WASHINGTON — Three of the politicians seeking the nation's highest offices appeared in lengthy broadcast interviews Sunday, but the hottest topic for all of them was the missing fourth candidate -- Republican vice presidential nominee Sarah Palin.
Palin, the Alaska governor whom Arizona Sen. John McCain selected as his running mate more than a week ago, has yet to make an unscripted public appearance. Instead, she has used her public events to deliver speeches, not to answer questions directly from voters or reporters.
"Eventually she's going to have to sit in front of you like I'm doing and have done," her Democratic counterpart, Delaware Sen. Joe Biden, said on NBC's "Meet the Press."
"Eventually she's going to have to answer questions and not be sequestered. Eventually she's going to have to answer questions about her record," Biden said.
Palin will start doing interviews "within the next few days," McCain said on CBS' "Face the Nation."
"She's not scared to answer questions," McCain campaign manager Rick Davis said on "Fox News Sunday." "But you know what? We run our campaign, not the news media. And we'll do things on our timetable."
Campaign aides later confirmed that she would give her first media interview this week, in Alaska, to ABC News anchor Charles Gibson.
Appearing on ABC's "This Week," Illinois Sen. Barack Obama, the Democratic presidential nominee, praised Palin as a "skilled politician" but said McCain's decision to put her on his ticket was more evidence that they would continue the policies of the current Republican administration.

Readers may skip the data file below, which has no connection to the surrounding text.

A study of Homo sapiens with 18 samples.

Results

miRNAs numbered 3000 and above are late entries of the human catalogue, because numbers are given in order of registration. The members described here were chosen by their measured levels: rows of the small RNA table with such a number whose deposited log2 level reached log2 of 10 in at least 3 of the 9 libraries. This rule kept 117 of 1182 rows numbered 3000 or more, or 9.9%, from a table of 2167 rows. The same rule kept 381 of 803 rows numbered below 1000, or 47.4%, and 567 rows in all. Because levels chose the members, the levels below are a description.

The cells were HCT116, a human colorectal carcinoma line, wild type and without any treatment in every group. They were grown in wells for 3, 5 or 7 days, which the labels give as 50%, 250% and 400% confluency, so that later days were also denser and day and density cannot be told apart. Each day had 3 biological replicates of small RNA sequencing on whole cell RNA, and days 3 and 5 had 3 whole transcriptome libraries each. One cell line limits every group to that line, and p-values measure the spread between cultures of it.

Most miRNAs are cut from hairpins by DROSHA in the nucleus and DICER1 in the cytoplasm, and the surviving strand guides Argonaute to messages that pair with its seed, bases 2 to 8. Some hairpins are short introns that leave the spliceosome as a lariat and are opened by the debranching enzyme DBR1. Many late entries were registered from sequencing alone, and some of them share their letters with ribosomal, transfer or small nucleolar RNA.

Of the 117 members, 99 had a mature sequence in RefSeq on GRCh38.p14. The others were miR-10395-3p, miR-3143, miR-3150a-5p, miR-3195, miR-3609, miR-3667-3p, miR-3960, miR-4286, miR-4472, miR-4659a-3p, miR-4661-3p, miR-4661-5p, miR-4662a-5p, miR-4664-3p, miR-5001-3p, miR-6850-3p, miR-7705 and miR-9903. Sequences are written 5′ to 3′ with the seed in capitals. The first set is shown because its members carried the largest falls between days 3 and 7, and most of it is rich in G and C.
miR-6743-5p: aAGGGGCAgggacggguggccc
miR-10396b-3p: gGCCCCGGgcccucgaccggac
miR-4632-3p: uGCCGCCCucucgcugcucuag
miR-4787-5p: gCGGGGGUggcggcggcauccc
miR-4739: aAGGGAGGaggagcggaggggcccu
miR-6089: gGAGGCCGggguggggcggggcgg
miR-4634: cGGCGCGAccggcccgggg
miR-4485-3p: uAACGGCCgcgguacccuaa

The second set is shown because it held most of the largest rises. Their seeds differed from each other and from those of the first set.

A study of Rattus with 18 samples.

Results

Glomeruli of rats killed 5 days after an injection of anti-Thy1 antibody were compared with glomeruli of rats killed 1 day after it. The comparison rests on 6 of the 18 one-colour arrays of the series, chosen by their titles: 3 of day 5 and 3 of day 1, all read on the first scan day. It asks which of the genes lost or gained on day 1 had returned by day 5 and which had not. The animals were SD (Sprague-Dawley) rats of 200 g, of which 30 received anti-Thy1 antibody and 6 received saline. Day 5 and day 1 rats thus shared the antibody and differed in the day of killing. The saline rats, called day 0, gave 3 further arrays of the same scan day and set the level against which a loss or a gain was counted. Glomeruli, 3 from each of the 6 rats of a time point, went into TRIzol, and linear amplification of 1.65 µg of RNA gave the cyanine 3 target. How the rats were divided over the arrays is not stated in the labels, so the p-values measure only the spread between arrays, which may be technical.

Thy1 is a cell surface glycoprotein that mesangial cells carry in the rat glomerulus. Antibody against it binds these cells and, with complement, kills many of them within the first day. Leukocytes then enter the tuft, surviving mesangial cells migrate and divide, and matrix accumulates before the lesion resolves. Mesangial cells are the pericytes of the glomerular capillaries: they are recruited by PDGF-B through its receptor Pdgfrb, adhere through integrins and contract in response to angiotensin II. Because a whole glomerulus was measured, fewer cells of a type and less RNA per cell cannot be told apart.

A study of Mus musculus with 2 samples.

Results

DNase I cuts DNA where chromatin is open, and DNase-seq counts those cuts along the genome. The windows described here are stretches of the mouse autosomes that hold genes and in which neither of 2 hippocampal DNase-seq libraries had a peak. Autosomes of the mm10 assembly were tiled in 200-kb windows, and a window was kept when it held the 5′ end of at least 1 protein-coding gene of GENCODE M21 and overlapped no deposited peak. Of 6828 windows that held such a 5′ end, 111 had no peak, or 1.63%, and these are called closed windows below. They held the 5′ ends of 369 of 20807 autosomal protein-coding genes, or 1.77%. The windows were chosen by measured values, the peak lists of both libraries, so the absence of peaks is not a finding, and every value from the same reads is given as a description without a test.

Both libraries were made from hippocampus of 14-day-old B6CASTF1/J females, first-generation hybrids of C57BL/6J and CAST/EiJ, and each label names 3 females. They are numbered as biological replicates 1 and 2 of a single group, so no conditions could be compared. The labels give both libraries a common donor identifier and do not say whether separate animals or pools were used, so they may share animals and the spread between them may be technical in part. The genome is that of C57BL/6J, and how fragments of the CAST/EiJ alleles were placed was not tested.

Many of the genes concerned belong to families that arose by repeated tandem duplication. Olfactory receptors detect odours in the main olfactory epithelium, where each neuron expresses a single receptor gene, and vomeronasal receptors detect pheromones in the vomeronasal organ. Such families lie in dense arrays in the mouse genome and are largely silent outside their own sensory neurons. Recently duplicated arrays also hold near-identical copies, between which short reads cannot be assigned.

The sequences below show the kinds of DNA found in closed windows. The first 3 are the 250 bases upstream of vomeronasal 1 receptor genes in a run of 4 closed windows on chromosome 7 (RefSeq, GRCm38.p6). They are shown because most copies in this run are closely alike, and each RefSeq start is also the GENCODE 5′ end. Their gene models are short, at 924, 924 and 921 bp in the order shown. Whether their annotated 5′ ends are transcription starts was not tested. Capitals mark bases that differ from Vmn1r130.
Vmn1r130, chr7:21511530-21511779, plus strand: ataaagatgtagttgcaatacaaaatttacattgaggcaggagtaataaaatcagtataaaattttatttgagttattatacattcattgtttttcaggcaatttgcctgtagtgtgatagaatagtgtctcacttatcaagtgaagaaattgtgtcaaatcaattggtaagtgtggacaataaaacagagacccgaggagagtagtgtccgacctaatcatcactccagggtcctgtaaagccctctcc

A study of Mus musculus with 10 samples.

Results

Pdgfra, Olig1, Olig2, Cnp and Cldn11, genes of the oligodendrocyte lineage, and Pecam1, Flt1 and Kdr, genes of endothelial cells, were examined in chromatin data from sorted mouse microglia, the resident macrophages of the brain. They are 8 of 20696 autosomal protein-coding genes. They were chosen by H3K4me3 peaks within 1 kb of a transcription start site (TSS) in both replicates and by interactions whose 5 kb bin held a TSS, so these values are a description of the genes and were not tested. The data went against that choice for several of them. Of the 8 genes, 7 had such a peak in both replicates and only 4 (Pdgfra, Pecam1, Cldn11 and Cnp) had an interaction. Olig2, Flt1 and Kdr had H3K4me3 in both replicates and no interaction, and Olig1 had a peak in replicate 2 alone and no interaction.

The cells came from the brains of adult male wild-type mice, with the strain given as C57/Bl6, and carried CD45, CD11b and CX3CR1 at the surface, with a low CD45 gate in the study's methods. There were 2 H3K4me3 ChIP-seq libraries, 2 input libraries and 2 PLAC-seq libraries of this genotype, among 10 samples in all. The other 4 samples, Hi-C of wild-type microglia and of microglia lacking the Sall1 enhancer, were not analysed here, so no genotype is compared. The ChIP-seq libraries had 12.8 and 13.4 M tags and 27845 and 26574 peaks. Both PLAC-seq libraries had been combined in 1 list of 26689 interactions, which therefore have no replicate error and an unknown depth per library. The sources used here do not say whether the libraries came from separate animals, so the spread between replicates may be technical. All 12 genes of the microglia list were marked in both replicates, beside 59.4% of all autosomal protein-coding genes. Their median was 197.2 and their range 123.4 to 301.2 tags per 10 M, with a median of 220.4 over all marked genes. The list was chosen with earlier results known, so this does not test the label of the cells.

"It tells me that he chose somebody who may be even more aligned with George Bush -- or Dick Cheney or the politics we've seen over the last eight years -- than John McCain himself is," Obama said.
Obama and Biden, whose campaign's central theme is a pledge to bring change to Washington, took issue with McCain's and Palin's promise to do the same.
"If you believe that George Bush has run this economy into the ground and mismanaged our foreign policy, who's more likely to change those policies?" Obama asked. "I don't think there's any dispute that that would be me."
McCain defended his vice presidential nominee, noting that Palin is galvanizing his core supporters and has brought new excitement to the campaign.
"I'd like to say it's all because of a charisma injection on the part of Mr. John McCain, but it's not," he said. "They're excited about this, this reformer, this lifetime member of the NRA, the person who was a point guard. . . . The fact is she's kind of what Americans have been looking for."
Today, McCain and Palin will attend a rally at a retirement complex in Lee's Summit, Mo., near Kansas City. Obama will hold a town hall session on the economy in Farmington Hills, Mich., near Detroit, and Biden will speak at a rally at the Iowa State Fairgrounds in Des Moines.
Times staff writer Maeve Reston in Albuquerque contributed to this report.